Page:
Officials: Saudi-led airstrikes hit Yemen funeral home; 155 dead

(CNN)At least 155 people were killed in airstrikes that hit a funeral home in Yemen’s capital Sanaa, two health ministry officials said Saturday.

Local authorities blamed the attack on a Saudi-led coalition battling rebels in the country, but the coalition has denied responsibility.


Witnesses reported multiple civilian casualties in the funeral hall, where hundreds had gathered in mourning.
The wake was for the father of rebel-appointed Interior Minister Jalal al Rowaishan.
Ambulances rushed to the scene to care for the wounded. At least 20 people lost limbs, according to medical staff at the German Hospital in Sanaa.
Robert Mardini, regional director for Near and Middle East for the International Committee of the Red Cross, condemned what he called an “outrageous loss of civilian life.”
“Civilians in Yemen have already paid far too heavy a price these past 18 months,” he said in a statement.
The Saudi-led coalition, involving several Arab countries, began a military campaign in Yemen in March 2015 aimed at preventing Houthi rebels allied to Iran and forces loyal to Yemen’s deposed President Ali Abdullah Saleh from taking power.
Earlier that year, the Houthis — a minority Shia group from the north of the country — drove out the US-backed government, led by President Abdu Rabbu Mansour Hadi, and took over the capital, Sanaa.
The crisis quickly escalated into a multi-sided war, which allowed al Qaeda and ISIS — other enemies of the Houthis — to grow stronger amid the chaos.
The Houthis are backed by Iran. The US is backing the Saudi-led coalition.
Since peace talks in Kuwait failed in August, the coalition has intensified airstrikes, despite vocal criticism from rights groups that the bombardments have been indiscriminate and could constitute war crimes. The attacks have often hit civilian targets with devastating results.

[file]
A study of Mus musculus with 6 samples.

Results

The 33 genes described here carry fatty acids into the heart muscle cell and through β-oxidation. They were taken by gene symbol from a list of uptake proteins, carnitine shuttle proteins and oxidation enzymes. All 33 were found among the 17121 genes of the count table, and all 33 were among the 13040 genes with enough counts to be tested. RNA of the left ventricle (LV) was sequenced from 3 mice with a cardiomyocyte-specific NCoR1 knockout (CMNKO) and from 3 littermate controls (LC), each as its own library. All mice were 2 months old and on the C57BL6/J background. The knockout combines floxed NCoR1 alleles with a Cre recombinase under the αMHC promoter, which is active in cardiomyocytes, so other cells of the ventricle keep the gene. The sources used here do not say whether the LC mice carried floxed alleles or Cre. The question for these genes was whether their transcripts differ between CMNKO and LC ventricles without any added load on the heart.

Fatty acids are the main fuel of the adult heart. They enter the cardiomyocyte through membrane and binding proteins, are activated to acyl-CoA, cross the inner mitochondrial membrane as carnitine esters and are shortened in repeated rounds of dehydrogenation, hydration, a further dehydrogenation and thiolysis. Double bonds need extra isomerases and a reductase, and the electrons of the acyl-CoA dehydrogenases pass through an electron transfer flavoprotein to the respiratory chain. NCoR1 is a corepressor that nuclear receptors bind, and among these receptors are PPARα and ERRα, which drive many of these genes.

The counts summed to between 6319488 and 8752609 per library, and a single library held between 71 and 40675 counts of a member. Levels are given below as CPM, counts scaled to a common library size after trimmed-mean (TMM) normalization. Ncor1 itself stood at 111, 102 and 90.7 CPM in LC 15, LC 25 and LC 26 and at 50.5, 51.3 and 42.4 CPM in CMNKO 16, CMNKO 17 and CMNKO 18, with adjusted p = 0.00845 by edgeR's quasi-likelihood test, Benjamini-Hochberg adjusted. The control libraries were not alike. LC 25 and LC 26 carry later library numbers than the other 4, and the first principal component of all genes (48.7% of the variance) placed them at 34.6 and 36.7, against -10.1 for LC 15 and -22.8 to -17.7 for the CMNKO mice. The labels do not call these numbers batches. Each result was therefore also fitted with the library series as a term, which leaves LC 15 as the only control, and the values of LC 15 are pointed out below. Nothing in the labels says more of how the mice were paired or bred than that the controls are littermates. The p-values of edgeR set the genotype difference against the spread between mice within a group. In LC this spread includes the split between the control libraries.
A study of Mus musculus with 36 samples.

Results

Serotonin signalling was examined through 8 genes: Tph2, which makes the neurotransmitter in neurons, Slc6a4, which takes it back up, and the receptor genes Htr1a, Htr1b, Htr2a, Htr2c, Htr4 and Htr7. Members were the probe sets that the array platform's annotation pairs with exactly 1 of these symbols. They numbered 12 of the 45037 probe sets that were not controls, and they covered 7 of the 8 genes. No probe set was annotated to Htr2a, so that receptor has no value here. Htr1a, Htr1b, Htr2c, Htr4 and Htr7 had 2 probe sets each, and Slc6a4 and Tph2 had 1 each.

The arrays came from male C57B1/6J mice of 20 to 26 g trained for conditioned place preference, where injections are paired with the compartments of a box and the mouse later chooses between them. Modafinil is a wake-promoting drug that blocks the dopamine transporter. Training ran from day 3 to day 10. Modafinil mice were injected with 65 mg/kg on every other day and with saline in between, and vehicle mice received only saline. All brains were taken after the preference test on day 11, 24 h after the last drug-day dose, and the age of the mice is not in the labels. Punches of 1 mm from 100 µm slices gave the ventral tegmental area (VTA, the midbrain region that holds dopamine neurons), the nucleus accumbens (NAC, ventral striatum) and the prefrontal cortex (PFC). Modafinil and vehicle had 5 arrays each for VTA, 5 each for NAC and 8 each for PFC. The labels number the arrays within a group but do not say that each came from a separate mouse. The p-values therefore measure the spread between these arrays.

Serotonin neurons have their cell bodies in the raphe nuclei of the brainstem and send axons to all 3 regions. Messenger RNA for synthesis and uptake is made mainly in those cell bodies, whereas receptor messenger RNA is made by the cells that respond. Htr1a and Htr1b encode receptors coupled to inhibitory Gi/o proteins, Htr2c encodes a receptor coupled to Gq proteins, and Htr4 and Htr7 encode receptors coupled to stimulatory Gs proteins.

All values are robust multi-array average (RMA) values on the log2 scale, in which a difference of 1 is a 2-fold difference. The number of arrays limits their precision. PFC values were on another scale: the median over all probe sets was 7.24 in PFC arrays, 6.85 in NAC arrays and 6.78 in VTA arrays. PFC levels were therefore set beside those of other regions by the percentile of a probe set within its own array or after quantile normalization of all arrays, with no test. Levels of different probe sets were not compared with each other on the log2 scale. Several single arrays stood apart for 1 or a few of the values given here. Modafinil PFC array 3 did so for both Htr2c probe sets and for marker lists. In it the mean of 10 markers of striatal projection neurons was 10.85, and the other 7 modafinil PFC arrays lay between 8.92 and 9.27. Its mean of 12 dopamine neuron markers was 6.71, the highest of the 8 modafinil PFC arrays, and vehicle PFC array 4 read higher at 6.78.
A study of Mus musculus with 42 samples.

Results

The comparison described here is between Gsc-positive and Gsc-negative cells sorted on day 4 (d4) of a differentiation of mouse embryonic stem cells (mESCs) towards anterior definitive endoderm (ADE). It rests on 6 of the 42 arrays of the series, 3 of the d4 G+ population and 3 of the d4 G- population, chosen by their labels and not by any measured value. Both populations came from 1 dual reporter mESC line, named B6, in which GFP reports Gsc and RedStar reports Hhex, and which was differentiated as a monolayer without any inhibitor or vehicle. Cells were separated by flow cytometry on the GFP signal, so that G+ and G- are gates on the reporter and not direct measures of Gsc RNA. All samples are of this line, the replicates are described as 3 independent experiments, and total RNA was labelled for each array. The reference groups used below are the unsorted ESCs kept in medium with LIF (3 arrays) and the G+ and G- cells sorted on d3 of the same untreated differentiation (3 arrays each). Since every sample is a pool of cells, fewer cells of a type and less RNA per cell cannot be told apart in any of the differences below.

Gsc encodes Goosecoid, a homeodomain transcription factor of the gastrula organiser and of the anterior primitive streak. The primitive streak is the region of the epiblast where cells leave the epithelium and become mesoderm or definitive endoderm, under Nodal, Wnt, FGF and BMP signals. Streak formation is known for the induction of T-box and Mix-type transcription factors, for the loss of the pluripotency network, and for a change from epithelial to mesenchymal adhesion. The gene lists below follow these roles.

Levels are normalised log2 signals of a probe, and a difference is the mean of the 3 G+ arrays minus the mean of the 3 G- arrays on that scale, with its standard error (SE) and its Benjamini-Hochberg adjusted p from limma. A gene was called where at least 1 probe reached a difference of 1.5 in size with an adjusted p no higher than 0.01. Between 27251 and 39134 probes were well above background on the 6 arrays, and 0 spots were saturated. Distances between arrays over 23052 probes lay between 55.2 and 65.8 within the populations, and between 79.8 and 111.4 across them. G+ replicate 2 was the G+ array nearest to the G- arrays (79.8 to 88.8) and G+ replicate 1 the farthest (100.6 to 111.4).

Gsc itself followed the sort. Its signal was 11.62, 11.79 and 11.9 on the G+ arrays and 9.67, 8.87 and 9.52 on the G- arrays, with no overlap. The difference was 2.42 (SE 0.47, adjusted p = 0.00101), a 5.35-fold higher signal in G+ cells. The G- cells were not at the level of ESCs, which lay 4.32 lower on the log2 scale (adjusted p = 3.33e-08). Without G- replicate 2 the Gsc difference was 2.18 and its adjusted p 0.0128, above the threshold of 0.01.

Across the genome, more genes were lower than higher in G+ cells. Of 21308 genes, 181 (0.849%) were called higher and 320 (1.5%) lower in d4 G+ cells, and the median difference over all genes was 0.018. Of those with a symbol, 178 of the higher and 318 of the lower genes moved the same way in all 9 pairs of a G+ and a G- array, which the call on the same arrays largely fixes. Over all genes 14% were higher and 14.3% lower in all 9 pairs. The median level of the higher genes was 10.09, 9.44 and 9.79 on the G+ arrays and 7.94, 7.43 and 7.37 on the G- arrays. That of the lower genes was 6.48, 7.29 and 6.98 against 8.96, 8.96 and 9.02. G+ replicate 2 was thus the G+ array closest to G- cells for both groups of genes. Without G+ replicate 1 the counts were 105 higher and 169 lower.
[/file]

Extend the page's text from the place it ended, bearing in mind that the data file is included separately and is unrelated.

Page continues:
The US and UK have come under increasing pressure to stop selling arms to Saudi Arabia.
The US Senate last month rejected a bipartisan proposal to block a pending $1.15 billion United States arms sale to Riyadh.
Critics of the military deal, which was approved by the Obama administration, complained it could drag the US into the war in Yemen and contribute to the worsening humanitarian crisis there.
Civilian casualties are only part of the crisis. Yemen’s UNICEF office has reported that nearly 10,000 children under age 5 died from preventable diseases there during the last year.
Some 1.5 million children are currently malnourished in Yemen, of which 370,000 suffer from severe acute malnutrition, according to the charity.
Yemen’s economic infrastructure has also been ravaged by war.
At least 430 factories and companies were destroyed by Saudi airstrikes since the start of the conflict, according to Ahmed Bahri, political chief of the Sanaa based Haq Party. Last month, 17 factories were attacked killing 67 civilians.